Beginning around the age of 51, menopause is a normal transition for women.
Marking the end of the menstrual cycle, menopause is defined as occurring 12 months after a woman’s last menstrual period. The five to ten year period before menopause, when estrogen and hormone levels begin to drop, is called perimenopause.
Every woman will experience menopause differently. Some may have symptoms that are barely noticeable, while others could experience significant changes. In some cases menopause and the reduction of estrogen can impact on someone’s mental health or exacerbate a preexisting mental illness.
Awareness of Obsessive-compulsive disorder, or OCD, is certainly growing.
The term is now commonplace in the Australian vernacular and characters with the disorder are regularly depicted on television and in the movies.
But do these adjectives, analogies and representations come close to depicting the experiences of people living with the disorder?
Anxiety is the most common mental health condition in Australia, on average one in four people will experience the illness at some stage in their life.
Yet a common myth is that anxiety disorders are rare.
Despite the prevalence there are many myths surrounding anxiety. These myths can create stigma and prevent help seeking. So it’s important to know the facts.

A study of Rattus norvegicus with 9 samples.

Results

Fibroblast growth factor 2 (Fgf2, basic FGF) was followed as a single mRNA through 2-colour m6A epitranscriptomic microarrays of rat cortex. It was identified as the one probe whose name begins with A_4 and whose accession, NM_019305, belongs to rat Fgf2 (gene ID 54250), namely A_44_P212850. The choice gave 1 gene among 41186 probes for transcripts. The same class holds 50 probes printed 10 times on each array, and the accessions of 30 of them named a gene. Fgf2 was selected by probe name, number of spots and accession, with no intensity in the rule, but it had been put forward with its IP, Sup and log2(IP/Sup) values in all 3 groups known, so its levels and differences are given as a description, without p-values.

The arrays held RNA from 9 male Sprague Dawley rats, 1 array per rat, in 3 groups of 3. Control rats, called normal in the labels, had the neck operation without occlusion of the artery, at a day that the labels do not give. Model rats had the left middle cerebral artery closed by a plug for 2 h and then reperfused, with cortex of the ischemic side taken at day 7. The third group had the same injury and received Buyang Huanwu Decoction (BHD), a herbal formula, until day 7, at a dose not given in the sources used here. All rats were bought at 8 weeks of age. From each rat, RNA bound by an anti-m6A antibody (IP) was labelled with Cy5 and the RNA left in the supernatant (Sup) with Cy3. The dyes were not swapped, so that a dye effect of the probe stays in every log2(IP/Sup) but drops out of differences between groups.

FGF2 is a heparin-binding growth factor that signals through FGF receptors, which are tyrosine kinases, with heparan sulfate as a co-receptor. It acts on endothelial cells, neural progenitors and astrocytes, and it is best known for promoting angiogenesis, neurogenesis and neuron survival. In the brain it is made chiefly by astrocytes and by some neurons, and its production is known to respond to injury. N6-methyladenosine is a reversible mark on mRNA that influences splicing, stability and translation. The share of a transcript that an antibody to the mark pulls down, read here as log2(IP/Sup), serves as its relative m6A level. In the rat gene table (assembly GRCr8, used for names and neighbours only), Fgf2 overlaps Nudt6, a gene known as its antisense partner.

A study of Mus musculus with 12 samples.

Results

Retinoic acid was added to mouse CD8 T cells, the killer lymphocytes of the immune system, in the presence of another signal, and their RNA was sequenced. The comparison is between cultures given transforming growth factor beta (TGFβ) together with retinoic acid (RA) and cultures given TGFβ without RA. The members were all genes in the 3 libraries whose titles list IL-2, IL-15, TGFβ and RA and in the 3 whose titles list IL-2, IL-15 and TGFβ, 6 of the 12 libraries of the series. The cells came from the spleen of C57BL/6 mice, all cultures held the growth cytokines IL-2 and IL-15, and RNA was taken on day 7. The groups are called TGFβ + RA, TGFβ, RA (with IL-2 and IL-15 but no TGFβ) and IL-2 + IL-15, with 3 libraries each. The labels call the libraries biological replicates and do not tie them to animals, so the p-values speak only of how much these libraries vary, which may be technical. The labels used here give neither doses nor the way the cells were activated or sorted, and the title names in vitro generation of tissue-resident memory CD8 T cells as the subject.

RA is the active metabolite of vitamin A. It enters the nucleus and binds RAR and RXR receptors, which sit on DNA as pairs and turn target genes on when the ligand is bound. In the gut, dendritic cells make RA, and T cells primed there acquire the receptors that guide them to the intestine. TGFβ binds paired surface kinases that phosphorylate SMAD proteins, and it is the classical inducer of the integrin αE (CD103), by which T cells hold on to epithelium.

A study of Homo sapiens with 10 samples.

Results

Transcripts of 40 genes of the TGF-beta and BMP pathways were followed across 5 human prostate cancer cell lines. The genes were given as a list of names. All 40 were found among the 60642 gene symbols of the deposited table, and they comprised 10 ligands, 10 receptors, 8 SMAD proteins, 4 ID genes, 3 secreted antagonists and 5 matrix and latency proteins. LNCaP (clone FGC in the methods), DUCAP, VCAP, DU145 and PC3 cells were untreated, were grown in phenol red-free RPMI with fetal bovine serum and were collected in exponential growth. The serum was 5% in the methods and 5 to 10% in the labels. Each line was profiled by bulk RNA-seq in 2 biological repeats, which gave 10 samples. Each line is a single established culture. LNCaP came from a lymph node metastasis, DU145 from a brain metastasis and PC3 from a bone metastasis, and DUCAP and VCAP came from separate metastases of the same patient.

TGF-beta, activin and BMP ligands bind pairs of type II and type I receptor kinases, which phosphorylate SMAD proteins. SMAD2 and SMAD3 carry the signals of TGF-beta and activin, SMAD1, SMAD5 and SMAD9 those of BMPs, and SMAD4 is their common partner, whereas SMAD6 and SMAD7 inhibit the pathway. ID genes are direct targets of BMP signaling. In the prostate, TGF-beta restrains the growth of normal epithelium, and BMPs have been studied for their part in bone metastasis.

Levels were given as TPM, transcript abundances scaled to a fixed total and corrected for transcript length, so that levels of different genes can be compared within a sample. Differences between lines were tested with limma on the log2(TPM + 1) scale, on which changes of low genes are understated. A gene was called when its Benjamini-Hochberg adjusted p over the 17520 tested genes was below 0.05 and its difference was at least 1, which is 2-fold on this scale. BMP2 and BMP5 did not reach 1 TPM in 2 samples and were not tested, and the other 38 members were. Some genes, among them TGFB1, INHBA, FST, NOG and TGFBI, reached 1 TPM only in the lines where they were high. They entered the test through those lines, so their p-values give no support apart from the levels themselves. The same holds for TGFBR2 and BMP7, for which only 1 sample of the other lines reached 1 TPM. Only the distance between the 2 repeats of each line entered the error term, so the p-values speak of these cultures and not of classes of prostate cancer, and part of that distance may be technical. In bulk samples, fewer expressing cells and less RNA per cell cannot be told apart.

Feel like you’ve been struck with a case of the winter blues? You’re not alone. The dark and gloomy winter weather can make us stay indoors, exercise less, be unsociable and eat unhealthily.
Here are six tips from the SANE Australia Help Centre about how you can look after your mental health this winter.
There's a proven relationship between stress and mental illness. It can worsen an episode, or even result in symptoms returning.
A balanced lifestyle and coping strategies can help with the management of stress. But how do you start?
The following suggestions can be implemented right now, or they can form part of an ongoing plan.
Finding the right therapist is a familiar challenge for many people living with mental illness.
It’s a process that’s often compared to dating. For some it’s straightforward, while for others it can be a struggle to find someone they trust with their deepest thoughts.
For many men, asking for help with mental health is a challenge that gets left by the wayside. A lot of men struggle to talk about personal experiences and strong emotions.
We speak to Glen Benton, from On The Line and MensLine Australia for tips on how to help men seek help.
For many men, talking about their mental health can be overwhelming. Who can you trust? When is a good time to bring it up? How much should you divulge?
At the SANE Help Centre we receive many calls from people concerned that a loved one may be displaying symptoms of borderline personality disorder (BPD). About 14% of all traffic to the SANE Australia website is for BPD-related content.
It’s common for concerned people to want to get a better understanding of BPD and maybe confirm what is happening for their family member or friend.
Do you make mountains out of molehills? Is it all or nothing? Do you imagine the worst possible outcome for future events?
This type of anxiety is common. It can be debilitating and all encompassing. It can impact your ability to enjoy life, make decisions, or take action.